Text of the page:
Poor contracting at MoD leaves taxpayer to shoulder ballooning costs
13 May 2020
In a report published today, Wednesday 13 May 2020, the UK Parliament’s Public Accounts Committee says the Ministry of Defence has left the taxpayer to shoulder huge cost increases due to the MoD’s poor contract design and management.
The MoD said it “immensely regretted” the huge waste of taxpayers’ money, which was caused by poor management of three nuclear infrastructure projects, resulting in a combined cost increase of £1.35 billion and with delays of between 1.7 and 6.3 years.
The department also admits that costs could keep rising, as its poor contract design has left the taxpayer to assume financial risk, while doing little to incentivise contractors to improve their performance.
The report finds, as the department itself admitted, that the risks associated with nuclear programmes, civil or military, are too large for private companies, and must be managed by the department, regardless of whether it owns the relevant sites or not.
The MoD was unable to explain why it has repeated past mistakes - many of which have been repeatedly commEnted on by the National Audit Office and Public Accounts Committee for more than 30 years – and has failed to learn lessons from comparable projects in the civil nuclear sector and in the United States. The MoD accepted that it must not operate in the same way in the future.
The Committee heard evidence on three of the most significant projects under construction:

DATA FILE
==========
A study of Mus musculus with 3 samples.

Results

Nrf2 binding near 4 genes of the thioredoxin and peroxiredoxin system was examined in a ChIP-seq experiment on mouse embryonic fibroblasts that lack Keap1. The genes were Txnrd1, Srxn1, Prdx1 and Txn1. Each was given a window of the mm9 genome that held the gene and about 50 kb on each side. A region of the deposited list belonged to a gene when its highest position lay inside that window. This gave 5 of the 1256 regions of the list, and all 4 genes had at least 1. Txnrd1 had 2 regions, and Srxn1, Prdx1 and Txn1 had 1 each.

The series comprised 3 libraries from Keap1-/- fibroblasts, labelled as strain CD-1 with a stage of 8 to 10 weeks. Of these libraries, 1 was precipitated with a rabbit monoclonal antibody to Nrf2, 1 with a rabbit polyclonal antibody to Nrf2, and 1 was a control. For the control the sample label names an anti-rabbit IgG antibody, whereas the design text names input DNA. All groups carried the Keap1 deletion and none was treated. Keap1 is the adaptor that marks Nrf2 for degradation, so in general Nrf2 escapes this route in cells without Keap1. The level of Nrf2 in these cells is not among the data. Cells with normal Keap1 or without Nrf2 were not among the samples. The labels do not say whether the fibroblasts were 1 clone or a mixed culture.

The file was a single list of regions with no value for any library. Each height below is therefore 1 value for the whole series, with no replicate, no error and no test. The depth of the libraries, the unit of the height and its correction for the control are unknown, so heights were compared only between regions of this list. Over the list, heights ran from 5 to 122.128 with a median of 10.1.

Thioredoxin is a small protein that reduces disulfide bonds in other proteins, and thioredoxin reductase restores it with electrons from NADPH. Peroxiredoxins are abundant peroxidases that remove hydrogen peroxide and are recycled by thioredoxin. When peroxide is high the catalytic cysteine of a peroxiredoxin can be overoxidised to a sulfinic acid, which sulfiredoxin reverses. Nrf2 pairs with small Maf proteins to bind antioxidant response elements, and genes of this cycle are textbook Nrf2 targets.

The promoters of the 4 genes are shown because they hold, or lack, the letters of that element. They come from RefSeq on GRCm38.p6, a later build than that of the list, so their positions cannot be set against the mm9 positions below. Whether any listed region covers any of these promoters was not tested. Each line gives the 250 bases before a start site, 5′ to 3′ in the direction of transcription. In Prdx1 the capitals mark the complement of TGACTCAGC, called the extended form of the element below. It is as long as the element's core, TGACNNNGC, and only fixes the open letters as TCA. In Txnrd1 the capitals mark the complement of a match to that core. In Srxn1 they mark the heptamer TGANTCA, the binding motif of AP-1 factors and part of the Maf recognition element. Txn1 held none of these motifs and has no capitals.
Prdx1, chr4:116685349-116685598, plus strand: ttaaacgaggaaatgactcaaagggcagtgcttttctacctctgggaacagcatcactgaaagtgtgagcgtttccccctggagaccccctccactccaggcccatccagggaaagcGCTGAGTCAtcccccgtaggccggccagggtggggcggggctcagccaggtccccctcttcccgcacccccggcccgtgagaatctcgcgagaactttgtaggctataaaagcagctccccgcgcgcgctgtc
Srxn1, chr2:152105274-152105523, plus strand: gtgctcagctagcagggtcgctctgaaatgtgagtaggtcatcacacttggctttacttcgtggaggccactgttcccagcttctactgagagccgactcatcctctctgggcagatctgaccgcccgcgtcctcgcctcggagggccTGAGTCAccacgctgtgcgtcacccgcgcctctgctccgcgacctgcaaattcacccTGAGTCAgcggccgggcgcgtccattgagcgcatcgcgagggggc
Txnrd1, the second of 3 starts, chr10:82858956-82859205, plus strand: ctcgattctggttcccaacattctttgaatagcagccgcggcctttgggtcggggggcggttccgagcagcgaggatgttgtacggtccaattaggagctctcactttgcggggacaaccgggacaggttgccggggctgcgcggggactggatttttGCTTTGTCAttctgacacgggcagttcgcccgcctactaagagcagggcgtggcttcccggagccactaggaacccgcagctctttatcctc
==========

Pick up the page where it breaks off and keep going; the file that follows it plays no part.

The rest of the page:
- the AWE plc project MENSA at Burghfield (forecast cost £1.8 billion, completion 2023), where the Department is building a new nuclear warhead assembly and disassembly facility
- the Rolls Royce owned and operated Core Production Capability facilities at Raynesway (forecast cost £474 million, completion 2026), where the Department is replacing facilities so it can produce the latest nuclear reactor core designs
- the BAE Systems-owned Barrow shipyard facility (forecast cost £240 million, completion 2022) to allow modular build of Dreadnought-class submarines.
Meg Hillier MP, Chair of the Public Accounts Committee, said:
“To utterly fail to learn from mistakes over decades, to spectacularly repeat the same mistakes at huge cost to the taxpayer – and at huge cost to confidence in our defence capabilities - is completely unacceptable. We see too often these same mistakes repeated.
“The Department knows it can’t go on like this, it knows it must change and operate differently. The test now is to see how it will do that, and soon.
“We expect the MoD to report to us later this year, in its 2020 update on the Dreadnought nuclear submarine programme, on how it is working with industry and other departments to develop and keep in place the skills it badly needs to take forward nuclear work. We also expect a detailed assessment, of whether the current ownership arrangements for nuclear regulated sites are in the best interests of the taxpayer, to be provided to us by the end of this year.”